Moore asserts innocence with 1998 ballots

SAG’s former communications director Katherine Moore, who was fired in 2000, has sued SAG over being wrongly blamed for allegedly rigging a 1998 national exec committee election.

The suit, filed Monday in Los Angeles Superior Court, resurrects an event that has been the source of long-standing disputes among SAG staff and political factions. SAG had no immediate comment about the suit.

Moore, who listed 14 causes of action, also sued the now-inactive Performers Alliance, Performers Alliance Web site operator Gordon Drake, the SAG Foundation and 50 unnamed individuals. In the action, she accused former SAG president William Daniels, Daniels’ wife Bonnie Bartlett, current SAG director of member education Todd Amorde and former board members Robert Carlson, David Jolliffe, F.J. O’Neill and Chuck Sloan as making “false, defamatory and malicious accusations.”

Drake was accused of ignoring a demand to remove a report about the disputed election by former State Supreme Court Justice Joseph Grodin from the Performers Alliance site. The SAG Foundation was accused of leaking confidential information.

Moore said SAG and other defendants have “perpetrated a scheme to defame her in order to cover-up SAG’s own complicity with the fixing of the 1998 election” and claimed she has suffered monetary damages, loss of career advancement opportunities and loss of earnings and earnings capacity.

Asserts innocence

She also asserted she is innocent of any wrongdoing and that an investigation into the election by Grodin was “incomplete, inconclusive and unfinished.”

Grodin, who was hired by SAG to conduct the probe, concluded that there likely was “intentional wrongdoing” in the 1998 election at SAG’s Hollywood headquarters. The first counting of 46 ballots led to victories by candidates who were less friendly to the Performers Alliance; the second counting led to the Performers Alliance candidates winning the seats.

He also determined that the “most probable explanation” for the markedly different tallies that resulted from separate ballot counts in the election was some deliberate action by at least one of three tellers — SAG staffers Moore, Catherine York and Judy Carpenter — and that the most feasible motivation was political.

When Grodin issued his report in early 1999, the trio responded by declaring their innocence, threatening legal action and insisting that the ballots had been switched after the trio had counted them. Moore repeated the ballot-swapping accusation in her suit, pointing out that she, York and Carpenter were not present when the ballots were re-counted.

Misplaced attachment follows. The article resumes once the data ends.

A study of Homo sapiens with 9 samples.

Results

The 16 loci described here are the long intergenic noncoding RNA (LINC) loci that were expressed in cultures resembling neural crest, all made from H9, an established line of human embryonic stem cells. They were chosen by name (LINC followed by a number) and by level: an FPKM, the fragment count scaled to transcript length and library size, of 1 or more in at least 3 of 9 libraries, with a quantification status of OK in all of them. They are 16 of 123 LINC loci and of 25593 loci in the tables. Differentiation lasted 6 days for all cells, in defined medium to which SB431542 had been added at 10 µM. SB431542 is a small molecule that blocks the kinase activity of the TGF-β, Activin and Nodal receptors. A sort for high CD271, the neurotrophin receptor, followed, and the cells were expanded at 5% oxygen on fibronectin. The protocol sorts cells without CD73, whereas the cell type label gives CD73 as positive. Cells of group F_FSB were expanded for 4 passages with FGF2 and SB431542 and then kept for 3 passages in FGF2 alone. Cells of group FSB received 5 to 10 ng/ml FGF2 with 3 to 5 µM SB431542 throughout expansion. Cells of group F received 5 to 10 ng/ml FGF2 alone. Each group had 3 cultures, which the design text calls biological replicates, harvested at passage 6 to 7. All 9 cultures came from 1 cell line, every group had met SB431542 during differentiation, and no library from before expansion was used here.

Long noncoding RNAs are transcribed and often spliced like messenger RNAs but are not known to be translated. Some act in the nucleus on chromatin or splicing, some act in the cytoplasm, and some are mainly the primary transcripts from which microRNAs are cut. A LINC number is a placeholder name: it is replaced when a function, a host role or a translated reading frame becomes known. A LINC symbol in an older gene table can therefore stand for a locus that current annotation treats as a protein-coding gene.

However, Grodin said in his report that the ballot-swapping scenario was “exceedingly unlikely.” And he said that the disparity in results “seemed too significant to be accidental.”

Following a bitter debate in the wake of receiving Grodin’s report, SAG’s national board voted 55-30 to approve a resolution that declared the “unfortunate matter closed” and found “no fault with any of the participants.”

But Moore’s suit said SAG’s actions led to Moore’s being made a scapegoat. “Instead of finding the truth about the rigged election of 1998, Defendant SAG permitted Justice Grodin to make an inconclusive finding and speculate on those to blame, wrongly choosing Plaintiff Moore,” she said.

The incident galvanized the Performers Alliance in efforts to win the subsequent 1999 election, which saw Daniels upset two-term incumbent Richard Masur. Moore asserted in her suit that SAG attorneys told her during that campaign that the Performers Alliance was protected by the First Amendment including the assertions from Grodin’s report.

Moore said that when she was fired in 2000, SAG backed off on a previous promise to issue a favorable press statement about her departure. She also asserted that SAG failed to disavow false published statements about her role in the 1998 election.

Moore’s attorney Marvin Rudnick told Daily Variety he began discussing the possibility of reaching a settlement with SAG last November but those talks broke down in March with Guild assistant general counsel Vicki Shapiro asserting SAG would “aggressively” defend itself.

He admitted that Moore’s 2000 severance agreement prevented her from filing suit against SAG but asserted the agreement had been nullified because the Guild breached that pact.

Moore, who was hired in 1996, also accused the Guild of acting out of political expediency with the goal of reducing tension at that time between supporters of Daniels and Masur.

The power of the Performers Alliance has been significantly diminished in recent elections. The group switched its name to the Leadership Coalition in the last election and currently counts less than a dozen supporters on the current board.